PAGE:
CONTENT WARNING: This post contains mentions of drug use and child loss, and may be triggering to some readers.
This week, I discovered my daughter takes drugs.
She’s run hot and cold – nice and nasty – for almost two years now. “It’s not surprising after everything she’s been through,” people tell me, with sympathy. The family doctor, friends, my counsellor. Even her counsellor said it when I rang to divulge my suspicions. Yes I rang her counsellor and told her my observations. It’s unorthodox I know, but unless a counsellor knows everything, aren’t the sessions useless? My money may as well be rolled and smoked. Oh! Now that is funny.
Ten years ago my 30 year old step-son Max died of a drug overdose. We’ve all worked so hard to honour him for the wonderful, clever, funny man he was. We pull together like real families do.
Eight years ago, my two daughters’ biological father estranged himself from them. We’ve all worked so hard to convince their hearts it wasn’t their fault. We talk openly and lovingly like real parents do.
Four years ago, my daughters finally encouraged their biological father to see them. We’ve all worked so hard to be happy about that, just like separated families are supposed to do.
Three years ago, my daughters’ biological father lost a battle against lung cancer. We’ve all worked to mourn him respectfully and forget the horror and pain he caused the girls. We cuddle and soothe as humans do.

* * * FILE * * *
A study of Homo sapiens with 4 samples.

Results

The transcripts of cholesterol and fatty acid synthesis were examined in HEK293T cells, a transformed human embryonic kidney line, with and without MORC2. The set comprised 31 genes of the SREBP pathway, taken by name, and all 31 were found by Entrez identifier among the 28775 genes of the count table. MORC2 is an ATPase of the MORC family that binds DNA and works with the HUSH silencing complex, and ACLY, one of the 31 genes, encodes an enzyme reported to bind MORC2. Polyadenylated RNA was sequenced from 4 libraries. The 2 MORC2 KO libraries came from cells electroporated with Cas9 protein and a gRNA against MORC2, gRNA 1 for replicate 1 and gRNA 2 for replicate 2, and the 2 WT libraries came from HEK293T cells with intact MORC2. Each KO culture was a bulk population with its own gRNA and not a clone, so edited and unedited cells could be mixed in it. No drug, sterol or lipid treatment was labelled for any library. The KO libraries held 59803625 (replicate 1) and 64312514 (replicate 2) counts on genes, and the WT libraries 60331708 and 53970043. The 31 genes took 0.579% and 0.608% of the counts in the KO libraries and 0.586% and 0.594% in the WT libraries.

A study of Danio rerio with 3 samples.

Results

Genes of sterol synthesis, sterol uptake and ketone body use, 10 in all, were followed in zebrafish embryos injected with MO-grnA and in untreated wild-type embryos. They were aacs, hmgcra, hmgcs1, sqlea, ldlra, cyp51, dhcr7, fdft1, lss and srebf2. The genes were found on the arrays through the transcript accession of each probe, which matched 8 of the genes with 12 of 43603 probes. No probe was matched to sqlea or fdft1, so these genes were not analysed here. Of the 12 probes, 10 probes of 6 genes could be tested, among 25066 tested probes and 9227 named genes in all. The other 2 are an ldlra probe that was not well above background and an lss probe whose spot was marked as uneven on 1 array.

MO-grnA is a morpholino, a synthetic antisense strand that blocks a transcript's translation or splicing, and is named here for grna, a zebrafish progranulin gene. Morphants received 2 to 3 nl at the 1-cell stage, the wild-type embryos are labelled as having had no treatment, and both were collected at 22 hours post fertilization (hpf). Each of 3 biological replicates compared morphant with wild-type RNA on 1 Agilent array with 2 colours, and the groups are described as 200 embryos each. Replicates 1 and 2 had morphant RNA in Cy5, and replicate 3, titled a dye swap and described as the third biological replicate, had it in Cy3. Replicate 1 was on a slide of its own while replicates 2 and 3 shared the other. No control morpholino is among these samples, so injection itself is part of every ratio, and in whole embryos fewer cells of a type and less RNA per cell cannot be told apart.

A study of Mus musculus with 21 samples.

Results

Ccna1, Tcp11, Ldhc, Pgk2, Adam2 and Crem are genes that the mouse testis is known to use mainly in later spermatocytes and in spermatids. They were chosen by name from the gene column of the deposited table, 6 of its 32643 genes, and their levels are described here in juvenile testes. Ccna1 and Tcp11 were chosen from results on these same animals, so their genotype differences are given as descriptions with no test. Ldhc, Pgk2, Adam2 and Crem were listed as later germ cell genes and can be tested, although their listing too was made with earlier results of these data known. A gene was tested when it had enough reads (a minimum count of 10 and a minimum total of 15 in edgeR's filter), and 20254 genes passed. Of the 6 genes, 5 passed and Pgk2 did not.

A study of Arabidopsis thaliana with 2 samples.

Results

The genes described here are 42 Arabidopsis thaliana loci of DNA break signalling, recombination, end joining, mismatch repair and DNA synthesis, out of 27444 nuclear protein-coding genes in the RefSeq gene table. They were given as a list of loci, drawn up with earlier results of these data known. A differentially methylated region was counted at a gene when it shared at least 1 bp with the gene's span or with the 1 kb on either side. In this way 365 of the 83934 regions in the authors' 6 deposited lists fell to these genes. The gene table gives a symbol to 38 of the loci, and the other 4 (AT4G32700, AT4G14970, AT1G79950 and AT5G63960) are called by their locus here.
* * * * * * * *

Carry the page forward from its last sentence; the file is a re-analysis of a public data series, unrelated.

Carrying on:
Two years ago, my daughter was sexually assaulted by her ‘friend’ behind a nightclub. We’ve all fought for justice and healing. We failed dismally, just like so many victims do.
Last week we guessed her ‘shady ways’ might be weed, alcohol or even pills. Agreeing we won’t be choosing a coffin for another child of ours, my husband and I vowed to do everything differently – starting now.
Then we found out my 20 year-old daughter smokes crack.
This week, I discovered my daughter is in this on her own.
Her wonderful, snitchy friend told us everything she knew. Her ‘workmates’ were the dealers. They befriended her and gave her the first two hits for free. ‘Crack Sales 101’.
Despite studying health science at University and working in casual jobs since she was 17, it’s clear our daughter is living her second life in the shadows.
So her step-dad and I went to our family doctor where we learnt the rules.
1. Do not give an addict cash. We can buy food, petrol or pay the rent, but under no circumstances can we give money– even if she’s worked for it.
2. Love. Always love. Reach out through social media, in person and on the phone. No judgement, only love. We’ve done this before. By the time Max died, if he knew nothing else, he knew we loved him to the ends of the earth.
3. Call Family Drug Support, as often as we want to. Check! That number is on ‘speed’ dial now (excuse my pun. Irony helps when I’m angry).
4. Bring her into the family circle and tell her we know about her poor choices – no secrets. Offer support and be there when she needs us.